Here are a few tips I've picked up over the years to make scooter riding safer and more pleasant.
Riding a scooter is different from riding a motorcycle because you're sitting more upright and don't have your legs spread apart. You can easily move them while keeping your feet on the floorboard. Over time, after watching MotoGP racers at work, I've realized that you can have an easier time in corners by opening up your inside knee.
|Photo: Sébastien D'Amour
This technique allows you to turn much more sharply and maintain solid control in the process. You don't even have to lean into the corner; just angle your knee outward (toward the apex). The more you open up, the easier it is to steer the scooter into the corner. The rest of your body will follow the same path, making for a smoother weight transfer.
While testing many different models over the years, I've noticed that the brake lever tension isn't the same from one scooter to the next. Also, each rider has a unique shape and size. Holding the bars and keeping a couple of fingers on the brake lever requires dexterity. And it's a must when riding in the city, especially on busy streets.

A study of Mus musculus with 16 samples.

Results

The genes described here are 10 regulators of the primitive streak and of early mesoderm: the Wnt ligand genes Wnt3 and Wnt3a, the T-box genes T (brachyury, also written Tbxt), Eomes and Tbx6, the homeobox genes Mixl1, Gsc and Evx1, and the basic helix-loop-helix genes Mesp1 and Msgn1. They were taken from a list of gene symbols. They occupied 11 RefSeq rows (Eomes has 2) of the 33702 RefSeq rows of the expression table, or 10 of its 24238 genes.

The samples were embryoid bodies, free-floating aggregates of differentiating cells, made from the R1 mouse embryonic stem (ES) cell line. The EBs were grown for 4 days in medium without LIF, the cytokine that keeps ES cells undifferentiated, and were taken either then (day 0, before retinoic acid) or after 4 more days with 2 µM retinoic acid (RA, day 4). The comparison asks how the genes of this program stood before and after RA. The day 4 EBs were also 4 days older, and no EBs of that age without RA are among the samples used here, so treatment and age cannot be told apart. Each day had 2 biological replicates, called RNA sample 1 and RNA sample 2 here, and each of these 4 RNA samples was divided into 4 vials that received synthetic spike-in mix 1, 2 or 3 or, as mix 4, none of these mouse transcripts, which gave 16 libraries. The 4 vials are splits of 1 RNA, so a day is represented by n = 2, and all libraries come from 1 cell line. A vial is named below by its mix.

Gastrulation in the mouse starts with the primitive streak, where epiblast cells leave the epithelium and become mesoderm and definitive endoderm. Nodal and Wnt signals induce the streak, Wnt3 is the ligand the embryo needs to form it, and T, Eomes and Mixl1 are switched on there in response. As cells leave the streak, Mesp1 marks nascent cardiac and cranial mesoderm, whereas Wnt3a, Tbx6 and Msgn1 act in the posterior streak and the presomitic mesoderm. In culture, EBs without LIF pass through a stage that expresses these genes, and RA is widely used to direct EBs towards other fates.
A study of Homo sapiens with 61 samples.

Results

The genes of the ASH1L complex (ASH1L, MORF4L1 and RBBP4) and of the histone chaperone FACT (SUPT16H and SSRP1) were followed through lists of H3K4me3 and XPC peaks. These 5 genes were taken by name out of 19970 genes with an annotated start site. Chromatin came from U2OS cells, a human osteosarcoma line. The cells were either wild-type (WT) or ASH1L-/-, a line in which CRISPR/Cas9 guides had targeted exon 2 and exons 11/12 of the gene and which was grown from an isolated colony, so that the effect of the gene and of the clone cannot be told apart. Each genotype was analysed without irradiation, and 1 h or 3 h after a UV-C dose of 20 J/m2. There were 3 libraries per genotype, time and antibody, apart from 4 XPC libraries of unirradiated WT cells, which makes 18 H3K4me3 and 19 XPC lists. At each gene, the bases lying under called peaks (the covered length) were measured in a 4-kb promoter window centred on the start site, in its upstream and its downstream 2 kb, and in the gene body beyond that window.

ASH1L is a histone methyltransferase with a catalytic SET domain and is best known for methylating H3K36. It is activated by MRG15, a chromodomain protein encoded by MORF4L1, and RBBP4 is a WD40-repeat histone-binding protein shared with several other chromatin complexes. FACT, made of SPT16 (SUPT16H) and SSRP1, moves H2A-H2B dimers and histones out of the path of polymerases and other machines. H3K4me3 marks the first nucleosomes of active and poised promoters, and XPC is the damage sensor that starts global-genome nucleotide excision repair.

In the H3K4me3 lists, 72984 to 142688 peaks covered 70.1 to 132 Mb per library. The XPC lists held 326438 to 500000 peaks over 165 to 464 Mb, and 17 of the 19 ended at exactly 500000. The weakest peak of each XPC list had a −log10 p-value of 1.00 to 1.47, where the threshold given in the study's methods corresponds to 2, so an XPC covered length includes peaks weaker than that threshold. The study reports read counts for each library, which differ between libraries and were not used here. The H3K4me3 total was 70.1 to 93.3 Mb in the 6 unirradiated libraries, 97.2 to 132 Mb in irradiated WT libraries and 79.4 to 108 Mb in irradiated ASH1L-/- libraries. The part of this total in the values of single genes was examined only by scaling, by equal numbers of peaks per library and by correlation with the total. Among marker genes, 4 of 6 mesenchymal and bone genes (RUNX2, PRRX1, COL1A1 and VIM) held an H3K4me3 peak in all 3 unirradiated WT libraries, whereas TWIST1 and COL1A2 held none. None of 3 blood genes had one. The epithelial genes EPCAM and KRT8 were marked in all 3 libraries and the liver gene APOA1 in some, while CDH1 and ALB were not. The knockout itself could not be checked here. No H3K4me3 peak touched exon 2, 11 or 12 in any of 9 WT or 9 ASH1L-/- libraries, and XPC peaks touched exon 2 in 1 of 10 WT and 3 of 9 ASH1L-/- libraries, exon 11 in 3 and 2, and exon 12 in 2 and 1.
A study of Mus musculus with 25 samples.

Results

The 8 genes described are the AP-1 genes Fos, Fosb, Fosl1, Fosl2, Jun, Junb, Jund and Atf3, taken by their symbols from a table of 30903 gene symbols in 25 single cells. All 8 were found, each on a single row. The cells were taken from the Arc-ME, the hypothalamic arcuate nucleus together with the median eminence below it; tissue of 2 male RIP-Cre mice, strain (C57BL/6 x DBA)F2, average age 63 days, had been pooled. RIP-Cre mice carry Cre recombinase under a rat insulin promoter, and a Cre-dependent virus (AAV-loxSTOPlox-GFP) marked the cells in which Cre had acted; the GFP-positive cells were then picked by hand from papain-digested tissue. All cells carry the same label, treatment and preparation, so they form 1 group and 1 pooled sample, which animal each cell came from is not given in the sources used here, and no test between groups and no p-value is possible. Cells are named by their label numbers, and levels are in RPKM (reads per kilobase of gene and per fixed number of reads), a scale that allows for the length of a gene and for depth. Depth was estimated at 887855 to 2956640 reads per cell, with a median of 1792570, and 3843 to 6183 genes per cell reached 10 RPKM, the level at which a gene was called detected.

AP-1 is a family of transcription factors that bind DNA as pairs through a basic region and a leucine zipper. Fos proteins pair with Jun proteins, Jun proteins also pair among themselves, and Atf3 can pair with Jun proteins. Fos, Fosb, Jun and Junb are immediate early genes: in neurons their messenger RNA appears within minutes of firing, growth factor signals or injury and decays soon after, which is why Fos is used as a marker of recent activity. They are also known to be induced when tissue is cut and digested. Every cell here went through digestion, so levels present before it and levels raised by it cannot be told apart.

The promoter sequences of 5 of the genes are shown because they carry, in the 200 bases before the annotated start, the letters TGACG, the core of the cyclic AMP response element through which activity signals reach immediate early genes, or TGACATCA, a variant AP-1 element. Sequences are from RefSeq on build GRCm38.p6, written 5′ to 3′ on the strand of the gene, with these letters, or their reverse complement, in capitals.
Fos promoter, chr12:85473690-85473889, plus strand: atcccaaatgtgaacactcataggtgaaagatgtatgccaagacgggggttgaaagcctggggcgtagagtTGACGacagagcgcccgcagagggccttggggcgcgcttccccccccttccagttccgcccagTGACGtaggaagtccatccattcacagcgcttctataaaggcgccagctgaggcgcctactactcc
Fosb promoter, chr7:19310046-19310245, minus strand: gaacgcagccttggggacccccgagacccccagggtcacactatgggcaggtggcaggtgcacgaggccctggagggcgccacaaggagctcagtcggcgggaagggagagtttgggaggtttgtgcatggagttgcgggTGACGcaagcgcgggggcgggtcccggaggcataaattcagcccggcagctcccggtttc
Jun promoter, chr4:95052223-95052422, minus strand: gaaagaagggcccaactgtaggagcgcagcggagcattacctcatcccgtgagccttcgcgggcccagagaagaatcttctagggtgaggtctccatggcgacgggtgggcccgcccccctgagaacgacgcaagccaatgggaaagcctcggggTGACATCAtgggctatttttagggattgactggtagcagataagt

To make your job easier, ask a mechanic to adjust the lever tension based on your size and riding position. If you have small hands or short fingers, he or she can loosen the cable a bit.
A number of scooters (including some urban-oriented models) are equipped with an adjustable rear shock. You can and should learn to make the necessary adjustments to benefit from a safer, more comfortable ride.
Manufacturers opt to install this type of shock as a way to handle some extra load on the tail of the scooter, whether it's a passenger or cargo. You may not notice it on slick pavement, but when tackling bumpy roads, the rear suspension can bottom out or jolt from time to time, compromising your balance and safety. Even when riding solo, one might prefer a softer or firmer shock setting depending on road conditions. Just ask your mechanic to show you how to adjust the shock.